Downtown Hamilton vacancy rates 'healthy,' jobs increasing: city report
Hamilton's downtown office vacancy rate declined one per cent last year, while storefront vacancy stayed relatively stable, according to a new city survey. Meanwhile, the city found a 1.2 per cent increase in downtown jobs last year.
The annual Downtown Office Vacancy and Employment Survey found a 12.7 per cent office vacancy rate at the end of 2018 — one per cent less than the previous year. Office vacancies have been declining since 2015, the report noted.
Among storefronts and offices with direct street access, there was a 10.4 per cent vacancy rate within the survey boundaries — slightly more than the 10 per cent in 2017.
Some of those vacancies were temporary, the report said, as businesses make renovations.
"In general, we have seen fewer vacancies across the board," the report said, noting that vacancies vary by location.
These vacancy numbers are "very healthy," said Judy Lam, city manager of urban renewal.
With more condo and student residence development downtown, Lam said, there will only be more demand for commercial space in the coming years.
1.2% more jobs downtown
The report also looked at jobs downtown, and found 307 more positions in 2018 — a 1.2 per cent increase over the previous year. Most of the jobs downtown — 68.3 per cent — are full time.
Public administration workers make up a quarter of downtown jobs, with 480 positions added last year as new government offices opened, Lam said. The report noted 389 new part-time federal jobs downtown.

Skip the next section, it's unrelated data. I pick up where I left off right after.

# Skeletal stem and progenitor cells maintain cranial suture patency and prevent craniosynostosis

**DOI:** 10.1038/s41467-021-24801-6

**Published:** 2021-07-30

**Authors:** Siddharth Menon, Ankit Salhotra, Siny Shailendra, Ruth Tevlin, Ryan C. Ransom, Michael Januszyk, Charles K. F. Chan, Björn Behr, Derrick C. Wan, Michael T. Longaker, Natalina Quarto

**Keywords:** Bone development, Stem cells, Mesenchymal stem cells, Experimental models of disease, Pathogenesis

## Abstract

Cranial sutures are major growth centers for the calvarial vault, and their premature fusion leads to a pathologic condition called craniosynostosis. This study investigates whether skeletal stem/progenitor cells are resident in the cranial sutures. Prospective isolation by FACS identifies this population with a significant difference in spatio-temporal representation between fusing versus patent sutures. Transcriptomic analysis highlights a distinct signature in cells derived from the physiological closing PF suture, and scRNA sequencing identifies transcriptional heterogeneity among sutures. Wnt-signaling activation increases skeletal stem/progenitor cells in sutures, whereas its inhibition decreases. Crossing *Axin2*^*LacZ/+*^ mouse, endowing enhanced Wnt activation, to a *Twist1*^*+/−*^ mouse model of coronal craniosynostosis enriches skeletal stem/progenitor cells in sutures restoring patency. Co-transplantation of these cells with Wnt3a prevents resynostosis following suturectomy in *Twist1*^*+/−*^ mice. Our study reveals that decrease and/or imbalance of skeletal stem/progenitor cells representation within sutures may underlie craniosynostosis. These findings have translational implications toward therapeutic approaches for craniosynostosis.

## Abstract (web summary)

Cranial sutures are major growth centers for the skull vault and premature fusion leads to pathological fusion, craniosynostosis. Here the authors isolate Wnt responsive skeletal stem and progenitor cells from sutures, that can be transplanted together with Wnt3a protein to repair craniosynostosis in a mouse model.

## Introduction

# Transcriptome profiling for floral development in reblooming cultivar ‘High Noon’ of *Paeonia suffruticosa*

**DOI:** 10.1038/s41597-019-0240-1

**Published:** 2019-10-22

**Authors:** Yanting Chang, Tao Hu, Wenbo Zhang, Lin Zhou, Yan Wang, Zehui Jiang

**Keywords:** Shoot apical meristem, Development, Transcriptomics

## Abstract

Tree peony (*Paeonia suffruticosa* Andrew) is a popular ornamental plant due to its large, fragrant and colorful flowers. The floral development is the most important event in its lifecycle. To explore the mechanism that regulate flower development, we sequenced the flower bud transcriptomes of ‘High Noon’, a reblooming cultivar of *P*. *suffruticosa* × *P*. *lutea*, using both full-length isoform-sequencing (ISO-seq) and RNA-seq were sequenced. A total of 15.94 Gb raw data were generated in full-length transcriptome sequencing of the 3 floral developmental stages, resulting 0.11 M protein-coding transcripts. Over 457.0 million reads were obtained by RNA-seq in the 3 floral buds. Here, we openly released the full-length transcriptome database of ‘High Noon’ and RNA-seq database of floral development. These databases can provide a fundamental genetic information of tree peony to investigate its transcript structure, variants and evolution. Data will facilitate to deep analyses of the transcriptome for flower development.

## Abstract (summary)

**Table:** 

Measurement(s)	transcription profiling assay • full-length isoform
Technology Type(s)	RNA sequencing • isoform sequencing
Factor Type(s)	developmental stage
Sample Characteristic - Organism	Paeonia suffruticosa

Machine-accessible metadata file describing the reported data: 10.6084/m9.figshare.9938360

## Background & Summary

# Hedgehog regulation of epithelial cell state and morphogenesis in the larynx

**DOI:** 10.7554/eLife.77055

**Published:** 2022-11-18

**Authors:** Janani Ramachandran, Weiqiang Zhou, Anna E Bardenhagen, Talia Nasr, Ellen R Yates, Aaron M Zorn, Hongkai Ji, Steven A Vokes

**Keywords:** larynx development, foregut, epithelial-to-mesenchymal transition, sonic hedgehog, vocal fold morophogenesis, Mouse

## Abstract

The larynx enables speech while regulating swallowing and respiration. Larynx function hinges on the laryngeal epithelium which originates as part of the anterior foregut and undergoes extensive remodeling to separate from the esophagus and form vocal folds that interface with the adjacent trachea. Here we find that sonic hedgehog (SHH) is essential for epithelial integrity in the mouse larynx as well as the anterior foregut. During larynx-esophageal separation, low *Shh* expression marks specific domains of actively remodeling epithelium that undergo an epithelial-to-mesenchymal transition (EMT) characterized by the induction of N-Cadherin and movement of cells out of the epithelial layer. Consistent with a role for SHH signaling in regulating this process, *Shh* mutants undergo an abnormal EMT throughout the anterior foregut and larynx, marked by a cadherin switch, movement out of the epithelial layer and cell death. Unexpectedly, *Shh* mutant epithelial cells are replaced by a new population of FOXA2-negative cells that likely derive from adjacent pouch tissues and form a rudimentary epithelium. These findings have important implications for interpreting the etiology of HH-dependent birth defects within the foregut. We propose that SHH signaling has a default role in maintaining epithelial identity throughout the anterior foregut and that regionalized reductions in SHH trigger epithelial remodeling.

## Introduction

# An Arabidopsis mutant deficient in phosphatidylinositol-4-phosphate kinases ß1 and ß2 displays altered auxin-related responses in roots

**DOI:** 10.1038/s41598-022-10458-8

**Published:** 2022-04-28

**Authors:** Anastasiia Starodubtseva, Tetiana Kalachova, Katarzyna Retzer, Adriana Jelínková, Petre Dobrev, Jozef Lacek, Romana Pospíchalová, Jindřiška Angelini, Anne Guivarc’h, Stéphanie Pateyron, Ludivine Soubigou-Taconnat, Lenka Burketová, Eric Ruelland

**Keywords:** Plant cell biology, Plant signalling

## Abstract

There were also 297 new jobs which can "almost all be attributed" to full-time call centre positions downtown, the report said.
There were 139 fewer jobs in the education sector due to "realignments within the public schools," the report said.
"This is a trend that staff anticipate to see reflected in the 2019 employment survey as well."
More office space downtown
The survey tracks downtown office buildings that have a minimum 5,000 square feet. There was 28,000 sq. ft. of new office space added to Hamilton's downtown last year, and city staff expect more in the future.
The largest vacancies are in some office towers, Lam said, which can sometimes hold space for large tenants. If you eliminate those towers, "the office vacancy rate would be closer to seven per cent," the report said.
Years ago, office vacancy was about 20 per cent, Lam said — and she wants numbers to keep decreasing.
There's a lot of interest in Hamilton, especially from the GTA, Lam said. She said the city is trying to attract more companies to downtown, particularly noting the tech finance, insurance, and real estate sectors.
"I'm quite optimistic about Hamilton's future, especially downtown," she said.
The report also noted a "growing trend" of co-working and flex office space.
It also said "heritage adaptive reuse projects" like King James are attracting tech and creative professionals, with "brick and beam buildings ... being renovated and updated to a higher class of office space."